On Sappho's Hymn to Aphrodite

We owe the survival of Sappho's Hymn to Aphrodite to this passage from On Literary Composition by Dionysius of Halicarnassus. W. Rhys Roberts translates Dionysius, A. S. Way translates Sappho's poem.***


The smooth (or florid) mode of composition, which I regarded as second in order, has the following features. It does not intend that each word should be seen on every side, nor that all its parts should stand on broad, firm bases, nor that the time-intervals between them should be long; nor in general is this slow and deliberate movement congenial to it. It demands free movement in its diction; it requires words to come sweeping along one on top of another, each supported by that which follows, like the onflow of a never-resting stream. It tries to combine and interweave its component parts, and thus give, as far as possible, the effect of one continuous utterance. This result is produced by so nicely adjusting the junctures that they admit no appreciable time-interval between the words. From this point of view the style resembles finely woven stuffs, or pictures in which the lights melt insensibly into the shadows. It requires that all its words shall be melodious, smooth, soft as a maiden's face; and it shrinks from harsh, clashing syllables, and carefully avoids everything rash and hazardous.

It requires not only that its words should be properly dove-tailed and fitted together, but also that the clauses should be carefully inwoven with one another and all issue in a period. It limits the length of a clause so that it is neither shorter nor longer than the right mean, and the compass of the period so that a man's full breath will be able to cover it. It could not endure to construct a passage without periods, nor a period without clauses, nor a clause without symmetry. The rhythms it uses are not the longest, but the intermediate, or shorter than these. It requires its periods to march as with steps regulated by line and rule, and to close with a rhythmical fall. Thus, in fitting together its periods and its words respectively, it employs two different methods. The latter it runs together; the former it keeps apart, wishing that they may be seen as it were from every side. As for figures, it is wont to employ not the most time-honoured sort, nor those marked by stateliness, gravity, or mellowness, but rather for the most part those which are dainty and alluring, and contain much that is seductive and fanciful. To speak generally: its attitude is directly opposed to that of the former variety in the principal and most essential points. I need not go over these points again.

Our next step will be to enumerate those who have attained eminence in this style. Well, among epic poets Hesiod, I think, has best developed the type; among lyric poets, Sappho, and, after her, Anacreon and Simonides; of tragedians, Euripides alone; of historians, none exactly, but Ephorus and Theopompus more than most; of orators, Isocrates. I will quote examples of this style also, selecting among poets Sappho, and among orators Isocrates. And I will begin with the lyric poetess:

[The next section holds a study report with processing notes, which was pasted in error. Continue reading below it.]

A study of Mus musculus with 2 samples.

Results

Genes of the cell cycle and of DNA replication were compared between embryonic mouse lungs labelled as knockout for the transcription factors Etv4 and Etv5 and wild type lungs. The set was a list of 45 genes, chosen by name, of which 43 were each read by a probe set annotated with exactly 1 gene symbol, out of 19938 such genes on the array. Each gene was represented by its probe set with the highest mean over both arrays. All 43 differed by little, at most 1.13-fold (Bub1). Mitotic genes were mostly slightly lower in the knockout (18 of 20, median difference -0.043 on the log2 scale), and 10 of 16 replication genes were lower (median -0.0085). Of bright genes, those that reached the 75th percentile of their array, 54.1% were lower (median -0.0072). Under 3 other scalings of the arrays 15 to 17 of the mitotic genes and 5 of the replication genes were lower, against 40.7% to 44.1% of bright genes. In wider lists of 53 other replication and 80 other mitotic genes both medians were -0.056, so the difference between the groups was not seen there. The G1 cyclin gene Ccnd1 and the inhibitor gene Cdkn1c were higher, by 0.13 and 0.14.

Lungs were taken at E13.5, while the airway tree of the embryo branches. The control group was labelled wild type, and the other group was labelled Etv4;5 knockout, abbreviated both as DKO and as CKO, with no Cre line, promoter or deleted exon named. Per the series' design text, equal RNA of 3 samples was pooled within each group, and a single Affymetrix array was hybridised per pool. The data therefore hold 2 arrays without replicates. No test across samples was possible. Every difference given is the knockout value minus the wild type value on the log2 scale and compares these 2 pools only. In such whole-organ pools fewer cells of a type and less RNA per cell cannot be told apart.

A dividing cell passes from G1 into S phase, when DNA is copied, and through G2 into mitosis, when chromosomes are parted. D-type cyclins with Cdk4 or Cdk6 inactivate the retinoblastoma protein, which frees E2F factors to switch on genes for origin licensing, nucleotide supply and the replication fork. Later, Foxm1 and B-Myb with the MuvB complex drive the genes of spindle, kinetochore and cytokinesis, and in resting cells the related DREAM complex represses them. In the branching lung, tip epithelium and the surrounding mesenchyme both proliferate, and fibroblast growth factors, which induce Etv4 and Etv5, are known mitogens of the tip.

Rainbow-throned immortal one, Aphrodite,
Child of Zeus, spell-weaver, I bow before thee--
Harrow not my spirit with anguish, mighty
              Queen, I implore thee!

Nay, come hither, even as once thou, bending
Down from far to hearken my cry, didst hear me,
From thy Father's palace of gold descending
              Drewest anear me

Chariot-wafted: far over midnight-sleeping
Earth, thy fair fleet sparrows, through cloudland riven
Wide by multitudinous wings, came sweeping
              Down from thine heaven,

Swiftly came: thou, smiling with those undying
Lips and star-eyes, Blessed One, smiling me-ward,
Said'st, "What ails thee?-- wherefore uprose thy crying
              Calling me thee-ward?

Say for what boon most with a frenzied longing
Yearns thy soul--say whom shall my glamour chaining
Hale thy love's thrall, Sappho--and who is wronging
              Thee with disdaining?

Who avoids thee soon shall be thy pursuer:
Aye, the gift-rejecter the giver shall now be:
Aye, the loveless now shall become the wooer,
              Scornful shalt thou be!

Once again come! Come, and my chains dissever,
Chains of heart-ache! Passionate longings rend me--
Oh fulfil them! Thou in the strife be ever
              Near, to defend me.'

              (Verse translation by A.S. Way)

Here the euphonious effect and the grace of the language arise from the coherence and smoothness of the junctures. The words nestle close to one another and are woven together according to certain affinities and natural attractions of the letters. Almost throughout the entire ode vowels are joined to mutes and semi-vowels, all those in fact which are naturally prefixed or affixed to one another when pronounced together in one syllable. There are very few clashings of semi-vowels with semi-vowels or mutes, and of mutes and vowels with one another, such as cause the sound to oscillate. When I review the entire ode, I find, in all those nouns and verbs and other kinds of words, only five or perhaps six unions of semi-vowels and mutes which do not naturally blend with one another, and even they do not disturb the smoothness of the language to any great extent. As for juxtaposition of vowels, I find that those which occur in the clauses themselves are still fewer, while those which join the clauses to one another are only a little more numerous. As a natural consequence the language has a certain easy flow and softness; the arrangement of the words in no way ruffles the smooth waves of sound.


*** From Dionysius of Halicarnassus On literary composition, being the Greek text of the De compositione verborum, edited with introduction, translation, notes, glossary, and appendices, by W. Rhys Roberts (London, Macmillan, 1910). pp. 237-241.